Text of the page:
Although I am not a practicing Christian, my fiancé, daughter, and I celebrate Christmas every year. To us, the meaning of Christmas has nothing to do with the birth of Jesus. It's about gathering together with our loved ones during the darkest, coldest times of the year, and sharing warmth, love, and good wishes for the coming year. Of course, this can make some things about Christmas a little confusing to a young child, who can't help but wonder what babies in barns and "lower-case T's" have to do with the season. Here's how my partner and I have explained the meaning of Christmas to our non-Christian child.
1. Explain ancient holiday traditions and religious diversity.
Children should know that Christmas, as we celebrate it today, is just one of many winter holidays, some of which predate Christianity. I explained to my daughter that almost all people who live in places that get cold and dark in the winter have ways of coming together. I explained ancient pagan traditions like Yule, modern traditions like Kwanzaa and Hanukkah, which my daughter's aunts, uncle, cousins, and grandparents celebrate. I told her that we celebrate Christmas even though we are not Christian, because Christmas is part of American culture, and it's the way we prefer to celebrate the winter.
2. Discuss the nativity.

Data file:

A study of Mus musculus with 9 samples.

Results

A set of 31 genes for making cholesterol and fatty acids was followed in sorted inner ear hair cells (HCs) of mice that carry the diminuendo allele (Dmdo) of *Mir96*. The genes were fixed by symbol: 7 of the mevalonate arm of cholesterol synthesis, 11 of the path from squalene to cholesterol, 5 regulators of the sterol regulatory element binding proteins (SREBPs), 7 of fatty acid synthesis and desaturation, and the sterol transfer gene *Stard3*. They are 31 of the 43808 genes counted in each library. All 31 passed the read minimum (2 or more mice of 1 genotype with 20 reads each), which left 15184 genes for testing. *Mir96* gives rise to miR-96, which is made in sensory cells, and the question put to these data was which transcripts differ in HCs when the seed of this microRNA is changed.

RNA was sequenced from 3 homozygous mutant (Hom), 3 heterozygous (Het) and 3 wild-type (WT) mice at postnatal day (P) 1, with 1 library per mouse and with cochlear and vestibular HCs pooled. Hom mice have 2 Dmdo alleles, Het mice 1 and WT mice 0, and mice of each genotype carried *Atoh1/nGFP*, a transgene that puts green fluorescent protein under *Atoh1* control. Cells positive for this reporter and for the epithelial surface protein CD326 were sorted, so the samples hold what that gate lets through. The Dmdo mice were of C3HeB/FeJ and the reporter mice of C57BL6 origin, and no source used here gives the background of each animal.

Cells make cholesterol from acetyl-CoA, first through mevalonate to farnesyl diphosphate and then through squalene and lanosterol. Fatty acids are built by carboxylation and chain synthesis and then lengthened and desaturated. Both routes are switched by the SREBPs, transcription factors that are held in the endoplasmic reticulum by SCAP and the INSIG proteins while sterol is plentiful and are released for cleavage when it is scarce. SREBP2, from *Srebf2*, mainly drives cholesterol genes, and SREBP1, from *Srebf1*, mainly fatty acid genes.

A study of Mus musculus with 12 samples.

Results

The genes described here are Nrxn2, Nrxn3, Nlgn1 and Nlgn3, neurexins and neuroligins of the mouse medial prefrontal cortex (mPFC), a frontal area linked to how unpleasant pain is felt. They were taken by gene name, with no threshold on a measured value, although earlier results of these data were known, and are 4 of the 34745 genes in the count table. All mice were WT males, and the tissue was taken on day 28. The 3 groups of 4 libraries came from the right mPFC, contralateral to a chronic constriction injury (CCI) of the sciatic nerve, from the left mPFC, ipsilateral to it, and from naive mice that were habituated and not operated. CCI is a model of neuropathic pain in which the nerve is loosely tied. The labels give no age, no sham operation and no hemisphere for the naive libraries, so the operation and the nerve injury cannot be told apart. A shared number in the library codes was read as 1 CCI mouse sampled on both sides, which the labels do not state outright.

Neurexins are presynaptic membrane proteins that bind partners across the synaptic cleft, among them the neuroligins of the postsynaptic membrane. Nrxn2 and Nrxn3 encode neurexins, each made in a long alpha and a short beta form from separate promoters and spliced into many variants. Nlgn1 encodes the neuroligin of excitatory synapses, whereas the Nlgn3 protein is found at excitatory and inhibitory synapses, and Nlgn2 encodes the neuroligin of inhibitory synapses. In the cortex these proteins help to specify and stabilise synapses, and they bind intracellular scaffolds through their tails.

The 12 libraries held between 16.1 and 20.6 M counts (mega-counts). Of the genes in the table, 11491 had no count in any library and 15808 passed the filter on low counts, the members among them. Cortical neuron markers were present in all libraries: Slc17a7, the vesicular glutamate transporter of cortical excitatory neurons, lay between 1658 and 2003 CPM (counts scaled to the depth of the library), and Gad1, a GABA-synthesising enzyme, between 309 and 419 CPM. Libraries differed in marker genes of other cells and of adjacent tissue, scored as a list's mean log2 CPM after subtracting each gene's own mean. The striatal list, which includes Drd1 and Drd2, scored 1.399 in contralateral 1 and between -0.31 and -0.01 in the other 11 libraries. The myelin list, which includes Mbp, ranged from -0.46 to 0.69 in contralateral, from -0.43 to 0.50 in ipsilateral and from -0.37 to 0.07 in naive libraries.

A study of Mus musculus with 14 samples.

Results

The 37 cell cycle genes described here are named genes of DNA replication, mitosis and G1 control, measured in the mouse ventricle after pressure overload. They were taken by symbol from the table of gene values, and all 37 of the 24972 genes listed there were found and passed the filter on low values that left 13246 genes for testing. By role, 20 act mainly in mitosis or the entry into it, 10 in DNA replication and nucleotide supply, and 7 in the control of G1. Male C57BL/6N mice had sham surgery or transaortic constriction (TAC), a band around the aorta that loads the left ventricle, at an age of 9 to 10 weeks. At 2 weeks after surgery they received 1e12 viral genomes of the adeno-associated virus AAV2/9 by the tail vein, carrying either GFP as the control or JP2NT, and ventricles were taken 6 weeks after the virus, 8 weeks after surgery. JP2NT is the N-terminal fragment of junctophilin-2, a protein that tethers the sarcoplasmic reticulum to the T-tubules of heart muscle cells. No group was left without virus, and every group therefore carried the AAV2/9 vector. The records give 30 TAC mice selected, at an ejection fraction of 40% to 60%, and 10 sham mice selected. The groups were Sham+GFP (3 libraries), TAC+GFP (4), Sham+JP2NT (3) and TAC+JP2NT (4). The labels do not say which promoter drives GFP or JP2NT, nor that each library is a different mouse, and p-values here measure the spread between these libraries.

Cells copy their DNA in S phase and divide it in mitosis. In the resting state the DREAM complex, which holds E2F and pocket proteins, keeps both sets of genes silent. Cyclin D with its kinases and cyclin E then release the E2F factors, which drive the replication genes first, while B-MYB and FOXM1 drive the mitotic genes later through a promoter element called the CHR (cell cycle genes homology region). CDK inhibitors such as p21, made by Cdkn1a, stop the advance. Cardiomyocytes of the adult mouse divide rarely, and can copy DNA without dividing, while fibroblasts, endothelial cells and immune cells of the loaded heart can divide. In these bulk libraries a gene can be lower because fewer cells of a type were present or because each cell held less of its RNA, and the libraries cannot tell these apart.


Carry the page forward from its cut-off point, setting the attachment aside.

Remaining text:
It's disrespectful to Christianity, and confusing to children, to tell kids that Christmas is a Christian holiday without explaining why they celebrate it. The simplest way to explain it to non-Christian children (and one that will make all those Christmas carols make more sense!) is to say that Christians believe that God had a baby named Jesus 2,000 years ago, and that Christmas is their way of celebrating that baby's birthday. I recommend explaining the Biblical nativity story in the way that you might explain an ancient fable, but also acknowledging that many believe it is true.
3. Teach respect.
Your child undoubtedly has friends who celebrate Christmas as a Christian holiday, and it would be terrible (to her and to her friends) to mock their religion or to fail to acknowledge it. So, even as you explain that you don't personally celebrate Christmas as Jesus's birthday, it's very important to note that many people view this holiday as being very spiritually and culturally significant. Explain to your child that many of her friends (and possibly relatives) are Christian, and that she should be kind and respectful when they tell her about what the holiday means to them, even if she doesn't believe the same way.
4. Discuss your own beliefs.
So, you don't believe that Jesus was the son of God and that Christmas is his birthday. Tell your kids what you do believe, instead. Do you celebrate Christmas as a secular holiday, or do you celebrate a separate winter holiday? Talk about your own beliefs and why they're important to you. Perhaps you believe that it's important to celebrate the solstice, because it means that the days will begin getting longer. Perhaps you can talk about holiday traditions associated with your own religious practice or culture of origin. Regardless, it's important to stand by your own beliefs and to identify yourself by what is important to your family, rather than what isn't. Teach your non-Christian children the meaning of Christmas by standing firm in your own beliefs while respecting those of others.